EuG-Urteil zur Europäischen Bürgerinitiative: Gut für Bürgerbeteiligung, zu spät für "Stop TTIP"

Am 10. Mai 2017 hat das Europäische Gericht (EuG) eine Entscheidung zur Europäischen Bürgerinitiative (EBI) getroffen, die Grundsatzcharakter hat. Das Urteil stärkt die Bedeutung der EBI und sichert eine weite Auslegung. Und es ermöglicht die frühe Anwendung einer EBI, die bei internationalen Vertragsverhandlungen eine Einflussnahme noch in diesem Stadium gestattet.


Ob Grundrechte ausreichend geschützt sind, das ist unter Anschauung der Wirklichkeit festzustellen und nicht lediglich mit Blick auf eine Rechtsnorm. Weil das VG Minden das nicht tun wollte, hat das Bundesverfassungsgericht die Abschiebung eines in Griechenland bereits anerkannten Asylbewerbers nach Griechenland gestoppt. Die Rückführung auszusetzen, kann aber nur eine Notbremse sein, nicht aber die aktive Gestaltung der Verantwortungsteilung für den Flüchtlingsschutz in der EU ersetzen. Eine Möglichkeit dazu wäre der europäische Asylstatus.


The current European Rule of Law crisis has resulted in a situation of distrust between national and European institutions, which has led to the necessity to reflect about the relevance of trust and its implications for the creation and sustainability of a European legal area. In this regard, Prof. von Bogdandy has recently stressed in this blog the importance of trust as a crucial element for promoting cooperation in multi-level systems, like the EU, where non-strict hierarchical relationships between national and EU institutions are articulated. In this post, I argue about the importance of trust among judges in the European legal system based on recent empirical findings.


Last week on Tuesday, with its decision in Opinion 2/15, on the Union’s competence to conclude ‘new generation’ EU trade and investment agreements, the Court dropped a bombshell. The Court’s ruling is set to significantly simplify the EU’s international economic relations with third countries. If the Commission, the Council and the member states had demanded clarity as to which institutions may legitimately pursue the Union’s external action objectives in its commercial relations: clarity is what they earned. The decision indeed has the potential to greatly facilitate an ‘EU-only’ signing and conclusion of future EU trade agreements. At the same time, as we argue below, the Court’s reasoning entails a number of contradicting elements that may add confusion over the legal parameters of post-Lisbon EU external relations conduct.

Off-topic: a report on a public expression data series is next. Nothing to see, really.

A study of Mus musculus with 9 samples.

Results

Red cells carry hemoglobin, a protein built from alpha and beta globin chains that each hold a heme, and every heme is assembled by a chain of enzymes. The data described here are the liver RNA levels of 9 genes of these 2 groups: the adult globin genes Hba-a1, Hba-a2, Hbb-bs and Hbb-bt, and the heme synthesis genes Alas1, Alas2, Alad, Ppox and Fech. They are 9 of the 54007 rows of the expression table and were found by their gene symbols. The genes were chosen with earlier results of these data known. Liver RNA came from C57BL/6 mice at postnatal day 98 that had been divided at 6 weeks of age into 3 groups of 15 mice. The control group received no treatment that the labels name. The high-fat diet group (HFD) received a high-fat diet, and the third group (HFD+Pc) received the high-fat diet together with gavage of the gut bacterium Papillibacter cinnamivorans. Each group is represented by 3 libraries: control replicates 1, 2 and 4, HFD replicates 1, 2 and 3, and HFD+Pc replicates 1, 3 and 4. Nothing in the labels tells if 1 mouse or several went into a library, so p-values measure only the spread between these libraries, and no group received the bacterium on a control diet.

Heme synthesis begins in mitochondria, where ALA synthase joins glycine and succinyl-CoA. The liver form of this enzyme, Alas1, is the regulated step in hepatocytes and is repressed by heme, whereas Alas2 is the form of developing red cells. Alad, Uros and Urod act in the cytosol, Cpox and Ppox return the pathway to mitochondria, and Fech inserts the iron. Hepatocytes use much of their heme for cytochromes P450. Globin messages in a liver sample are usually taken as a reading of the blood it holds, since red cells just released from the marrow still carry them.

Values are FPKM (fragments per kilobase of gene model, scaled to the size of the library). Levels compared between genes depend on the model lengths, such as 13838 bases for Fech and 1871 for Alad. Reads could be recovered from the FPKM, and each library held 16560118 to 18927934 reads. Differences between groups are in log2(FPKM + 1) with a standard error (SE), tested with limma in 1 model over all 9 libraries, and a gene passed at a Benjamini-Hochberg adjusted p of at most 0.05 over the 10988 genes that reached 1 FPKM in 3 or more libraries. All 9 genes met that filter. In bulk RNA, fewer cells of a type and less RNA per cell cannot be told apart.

Is the CJEU’s Opinion on the Singapore free trade agreement a boost for Brexit? After reading the Opinion my feeling is exactly the opposite. The Court has made a clever juggling exercise with Christmas presents for everybody. But in fact, the Court has saved the best Christmas present for itself. And there are hardly any gifts for Britain. In fact, the Opinion contains a paragraph that could blow up the entire Brexit process.


In a reply to a Belarusian request, the Court of the Eurasian Economic Union decided in one of the most important cases of its history. It formulated the ‘direct effect’ principle in order to coordinate between EAEU law and the domestic legal orders of the EAEU Member States.


The constitutional amendment process has arguably weakened Turkey’s already-fragile constitutionalist system. This is well known. What is less known and pretty much overlooked is that comparativism and specifically comparative constitutionalism has suffered at the hands of Turkish political elites during the legal and political discussions that preceded the referendum.


Mit seinem Beschluss vom 11. April 2017 sieht sich das Bundesverfassungsgericht zum wiederholten Male genötigt, ein Loch zuzuschaufeln, das es zuvor selbst gegraben hat: Wie grenzt man verfassungsunmittelbare Leistungsansprüche auf Leistungen der Gesundheitsversorgung ein, wenn man sie zuvor kühn konstruiert hat?